Every year, Townsend Bell puts together a one-off Indianapolis 500 program. The 2014 edition will be Bell’s eighth ‘500 appearance, after making his debut in 2006 and running every year consecutively since 2008. This year, he returns to KV Racing Technology, the team where he posted his career-best ‘500 finish of fourth in 2009, and where he seeks to improve upon it this year. The NBC Sports Group Verizon IndyCar Series analyst is able to provide both a driver’s an analyst’s perspective in the field. For part four of this daily series through this week (see parts three, two, one here), Townsend discusses the week that was in terms of practice and qualifying.
After nearly a year out of an IndyCar – since his last Indianapolis 500 appearance here last year – the days of May 11-19 saw Townsend Bell get back to up to speed to prepare for his eighth ‘500 start.
The elements and ingredients are there for success. Bell joins a stacked four-car KV Racing Technology lineup, the defending race-winning team, with teammates Sebastien Bourdais, Sebastian Saavedra and rookie James Davison.
Factor in a crew that includes former Wayne Taylor Racing team manager Simon Hodgson, ace engineer Gerald Tyler and crew chief Didier Francesia, among others, and Bell has as good a shot as any of the one-off ‘500 entries.
Admittedly, practice has been a challenge. Bell ran a total of 374 laps over the week but missed running on both Wednesday, May 14, due to the rain and on Fast Friday, May 16. While the balance has been good, and the car strong in race traffic, it hasn’t quite had the outright, top-end performance to mix it up in the top nine.
And it showed. Although Bell was good in race trim – crucially – he won’t be starting from that great a position, with 25thh the spot where he’ll roll off in the No. 6 Robert Graham-Royal Purple-Beneteau USA Chevrolet for KVRT.
“We just were slow, but with a great balance,” Bell told MotorSportsTalk in an interview earlier this week. “We were totally consistent, but just slow. I’m not sure why. It was weird.”
The plight shared by the KVRT team mirrored that of fellow Chevrolet-powered Chip Ganassi Racing, which you’d expect to be frontrunners but, no matter how small the margin, is just that fractional bit off this month.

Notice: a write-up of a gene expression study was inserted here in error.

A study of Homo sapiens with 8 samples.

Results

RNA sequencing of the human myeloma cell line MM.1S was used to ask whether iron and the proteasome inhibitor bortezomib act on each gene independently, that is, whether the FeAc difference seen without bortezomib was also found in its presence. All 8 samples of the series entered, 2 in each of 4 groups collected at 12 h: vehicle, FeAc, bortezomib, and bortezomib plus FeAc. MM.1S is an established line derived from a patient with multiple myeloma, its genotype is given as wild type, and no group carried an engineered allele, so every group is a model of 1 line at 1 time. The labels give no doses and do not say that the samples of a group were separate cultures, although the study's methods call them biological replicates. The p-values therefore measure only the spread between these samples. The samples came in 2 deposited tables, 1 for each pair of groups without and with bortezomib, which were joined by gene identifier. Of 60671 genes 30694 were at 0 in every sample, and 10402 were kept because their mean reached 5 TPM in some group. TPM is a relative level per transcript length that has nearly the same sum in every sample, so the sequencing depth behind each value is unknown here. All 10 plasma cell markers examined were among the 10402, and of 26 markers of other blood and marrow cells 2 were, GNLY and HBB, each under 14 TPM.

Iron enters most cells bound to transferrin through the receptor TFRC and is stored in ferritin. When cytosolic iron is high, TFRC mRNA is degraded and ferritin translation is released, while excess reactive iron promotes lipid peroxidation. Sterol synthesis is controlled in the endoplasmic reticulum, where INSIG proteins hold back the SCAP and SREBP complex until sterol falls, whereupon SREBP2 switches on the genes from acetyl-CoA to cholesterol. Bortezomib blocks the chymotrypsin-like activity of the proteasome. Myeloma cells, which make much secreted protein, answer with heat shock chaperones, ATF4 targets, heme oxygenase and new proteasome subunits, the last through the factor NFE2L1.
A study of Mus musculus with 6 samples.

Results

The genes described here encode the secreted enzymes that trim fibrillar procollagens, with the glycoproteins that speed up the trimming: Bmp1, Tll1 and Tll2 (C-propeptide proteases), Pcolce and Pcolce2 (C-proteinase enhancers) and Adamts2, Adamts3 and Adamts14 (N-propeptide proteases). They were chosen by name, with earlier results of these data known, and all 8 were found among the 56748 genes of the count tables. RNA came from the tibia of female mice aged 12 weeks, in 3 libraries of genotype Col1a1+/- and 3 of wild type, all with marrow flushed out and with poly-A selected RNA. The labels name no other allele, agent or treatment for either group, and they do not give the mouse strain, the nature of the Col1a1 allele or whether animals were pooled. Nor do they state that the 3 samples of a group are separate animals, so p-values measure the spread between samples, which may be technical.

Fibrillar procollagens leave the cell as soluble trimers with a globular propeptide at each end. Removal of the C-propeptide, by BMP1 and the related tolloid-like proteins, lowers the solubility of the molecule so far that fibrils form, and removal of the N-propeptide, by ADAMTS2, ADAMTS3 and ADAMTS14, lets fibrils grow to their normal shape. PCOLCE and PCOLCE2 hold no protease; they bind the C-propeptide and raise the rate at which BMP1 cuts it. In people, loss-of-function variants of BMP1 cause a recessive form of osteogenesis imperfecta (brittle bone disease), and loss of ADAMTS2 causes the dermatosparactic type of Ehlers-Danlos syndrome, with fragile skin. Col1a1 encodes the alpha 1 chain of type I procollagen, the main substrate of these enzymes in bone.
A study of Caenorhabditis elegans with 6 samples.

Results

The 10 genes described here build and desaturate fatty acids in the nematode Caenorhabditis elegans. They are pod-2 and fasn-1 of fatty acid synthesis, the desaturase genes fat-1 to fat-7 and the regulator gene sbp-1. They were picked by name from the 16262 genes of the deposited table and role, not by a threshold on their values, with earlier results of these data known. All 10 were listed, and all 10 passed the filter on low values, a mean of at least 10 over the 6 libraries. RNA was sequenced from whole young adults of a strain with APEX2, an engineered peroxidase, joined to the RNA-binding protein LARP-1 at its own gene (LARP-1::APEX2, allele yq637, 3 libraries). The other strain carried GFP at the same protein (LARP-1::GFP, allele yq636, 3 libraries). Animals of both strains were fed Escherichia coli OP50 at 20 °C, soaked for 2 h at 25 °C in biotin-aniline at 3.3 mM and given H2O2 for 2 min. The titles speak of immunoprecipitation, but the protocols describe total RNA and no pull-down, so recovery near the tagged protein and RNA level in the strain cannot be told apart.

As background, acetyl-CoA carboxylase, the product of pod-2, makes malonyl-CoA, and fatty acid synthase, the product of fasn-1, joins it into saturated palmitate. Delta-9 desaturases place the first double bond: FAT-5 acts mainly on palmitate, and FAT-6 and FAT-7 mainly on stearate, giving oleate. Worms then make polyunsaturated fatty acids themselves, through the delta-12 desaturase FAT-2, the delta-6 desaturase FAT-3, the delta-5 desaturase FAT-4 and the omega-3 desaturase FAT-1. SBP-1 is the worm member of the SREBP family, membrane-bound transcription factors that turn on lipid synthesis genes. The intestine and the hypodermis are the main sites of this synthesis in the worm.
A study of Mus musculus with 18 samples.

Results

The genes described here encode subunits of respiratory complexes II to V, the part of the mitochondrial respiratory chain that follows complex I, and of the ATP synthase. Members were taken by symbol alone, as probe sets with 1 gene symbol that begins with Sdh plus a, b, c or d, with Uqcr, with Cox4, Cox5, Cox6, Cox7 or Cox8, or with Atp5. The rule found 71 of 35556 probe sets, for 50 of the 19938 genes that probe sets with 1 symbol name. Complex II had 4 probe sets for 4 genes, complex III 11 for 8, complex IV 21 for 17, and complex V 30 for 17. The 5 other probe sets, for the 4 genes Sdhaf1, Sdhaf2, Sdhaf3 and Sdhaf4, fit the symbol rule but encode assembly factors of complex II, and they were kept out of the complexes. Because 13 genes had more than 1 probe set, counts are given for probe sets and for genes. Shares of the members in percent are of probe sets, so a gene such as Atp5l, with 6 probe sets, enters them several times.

“Let’s say I’m just 1.5 mph off of the Fast Nine,” Bell said. “It’s not that much, really. But you’d never see the gap from first to last be that short in the past.”
“We had Bourdais almost at 230, I was low 229, Saavedra was 228,” he added. “Ganassi was similar. Almost 231 for (Scott) Dixon, 230 TK (Tony Kanaan), 229 (Charlie) Kimball, and 228 (Ryan) Briscoe. Others matched up better in consistency over the course of the run; we didn’t.”
If there is a silver lining for Bell, it’s that he came from a similar back-third starting position to his career-best finish in the ‘500, from 24th to fourth driving for KV in 2009.
His other starts? He was 15th as a rookie in 2006, 12th in 2008, then 24th, 10th, fourth, 20th and 22nd. He has three top-10 finishes (fourth in 2009, ninth in 2012 and 10th in 2008).
“I’ve done it before to come from the back, but man, it’s not exactly easy to lay it down and make up 23 positions. But we’ll put our heads down,” Bell said.
Today, Bell pulls double duty between the cockpit for final practice and the NBCSN broadcast booth, covering today’s Pit Stop Competition and Carb Day action (11 a.m. ET, NBCSN).
“The ‘Carb Day’ name is a misnomer because it used to be carburetors way back … but now it’s our final one-hour practice,” Bell said. “It’s gonna be fast and furious as everyone tries to refine. This one hour is really important for you to show how you do in traffic. With the freight train of 20 cars, there’s a vicious turbulent air.
“It’s a critical session with pit stop practice and plugging in. I’m looking forward to doing the practice then head to the booth to cover the pit stop competition.”